While Telegram may not be the most popular instant messaging app on the stores, it stands to be the most trusted one, when it comes to chat encryption.
The specialty is the end-to-end encryption, which means that, even if the data that you have sent, is intercepted by a third-party in the middle (such as your internet service provider), they won’t be able to decipher it.
It means that your data will only be deciphered, once it reaches the other end (receiver).
For more privacy, Telegram provides the option of “secret chats”. These chats provide the user with more privacy than the regular joe gets in his regular chats on Telegram. Every single message of the chat is end-to-end encrypted. Also, if you delete a message in your chat, it gets deleted on the other side’s chat as well, and messages from this chat, can not be forwarded as well.
Last but not the least, the self-destruct option allows you to make sure that the content/data that you have sent to someone, will be deleted from both the users’ chats, after a certain time.
Over the years, there have been cases between security agencies and companies over privacy.
Like the case where Apple declined to give the access of one of their devices, to the FBI. The device was of a person, whose information was crucial to the case.
Earlier this month on 13 April, in a very similar case, Telegram was banned by the government of Russia when it didn’t provide the encryption keys to a Russian security agency FSB.
Now, Russia isn’t as strict as China, when it comes to the internet, issues were still caused.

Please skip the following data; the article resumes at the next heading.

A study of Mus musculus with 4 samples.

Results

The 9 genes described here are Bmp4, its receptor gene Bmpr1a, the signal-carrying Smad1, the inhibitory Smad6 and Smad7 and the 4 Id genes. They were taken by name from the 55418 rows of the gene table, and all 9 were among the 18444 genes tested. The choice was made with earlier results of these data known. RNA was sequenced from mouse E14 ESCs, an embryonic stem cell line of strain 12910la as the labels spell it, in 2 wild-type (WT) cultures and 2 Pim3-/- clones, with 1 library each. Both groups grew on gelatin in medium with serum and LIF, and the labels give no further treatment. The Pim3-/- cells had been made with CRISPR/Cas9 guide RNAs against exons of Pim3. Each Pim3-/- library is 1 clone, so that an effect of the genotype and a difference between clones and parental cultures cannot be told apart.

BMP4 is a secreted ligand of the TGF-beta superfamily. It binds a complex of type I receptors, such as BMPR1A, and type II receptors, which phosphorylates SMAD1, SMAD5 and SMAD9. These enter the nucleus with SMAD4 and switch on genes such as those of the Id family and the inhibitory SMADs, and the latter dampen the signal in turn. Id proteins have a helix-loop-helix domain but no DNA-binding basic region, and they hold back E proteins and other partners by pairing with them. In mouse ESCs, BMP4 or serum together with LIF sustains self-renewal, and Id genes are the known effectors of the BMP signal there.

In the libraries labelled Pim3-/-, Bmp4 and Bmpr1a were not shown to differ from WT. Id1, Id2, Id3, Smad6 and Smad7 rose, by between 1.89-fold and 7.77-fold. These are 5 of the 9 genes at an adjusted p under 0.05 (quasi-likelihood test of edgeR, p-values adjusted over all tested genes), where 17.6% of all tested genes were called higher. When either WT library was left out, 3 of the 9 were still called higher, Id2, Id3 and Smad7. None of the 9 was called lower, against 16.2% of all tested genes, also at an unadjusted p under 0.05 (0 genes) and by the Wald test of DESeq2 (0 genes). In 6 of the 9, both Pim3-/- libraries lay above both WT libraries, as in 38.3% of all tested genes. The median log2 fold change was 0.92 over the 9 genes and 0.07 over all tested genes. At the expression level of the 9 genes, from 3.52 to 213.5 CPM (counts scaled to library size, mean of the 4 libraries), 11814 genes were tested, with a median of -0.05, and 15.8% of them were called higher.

To begin with, Russia had instructed Google and Apple to remove Telegram from their respective app stores. This, apparently, wasn’t the problem.
The problem that the Russian government faced was, the fact that using Google’s IP address, Telegram was still accessible. The government had passed a court order, to get Google to make sure that Telegram isn’t able to use its IP address, but this wasn’t followed.
Following the non-compliance of Google, the Russian government decided to ban the concerned IP addresses, a move that was pretty much expected.
Now, ultimately, this led to users complaining about not being able to access Gmail (one of the most used e-mail services worldwide) and YouTube.
This is not simply a problem about not being able to access your mail or watch videos of cute puppies on YouTube. It’s a concern because many Russians are not able to work now, or buy tickets, send or receive money, or even play games.
Telegram’s app uses a method called “hop”, which “hops on to” other IP addresses, once the IP address that it’s using, is blocked (by the government, in this case). It’s the reason that over 18 million IP addresses which Telegram used for the hopping process, have been blocked by the government.
Although, the founder of Telegram, Paul Durov has said that the app will keep using its in-built features, to bypass such bans. He’s also noted that while the app might be accessible, it will require the users to use a virtual private network (VPN).
Virtual private network – A virtual private network allows users to receive or send data over share/public networks as if their device (computers, smartphones, etc.) was connected to the private network directly.
The moral issue
The prime moral and ethical issue with the ban is that in a democracy, which Russia is, it is never right to violate fundamental rights of the people, and their freedom of expression.
What the Russian government has done in this case, is being said to be a violation of fundamental human rights, all over the world. This criticism, is not only coming from foreign personnel, but also from the residents of Russia.
On the other hand, only 1/3 of the Russian people, have been affected by this ban as only 12 percent of them have reported to use Telegram, which is the world’s ninth most popular instant messaging app.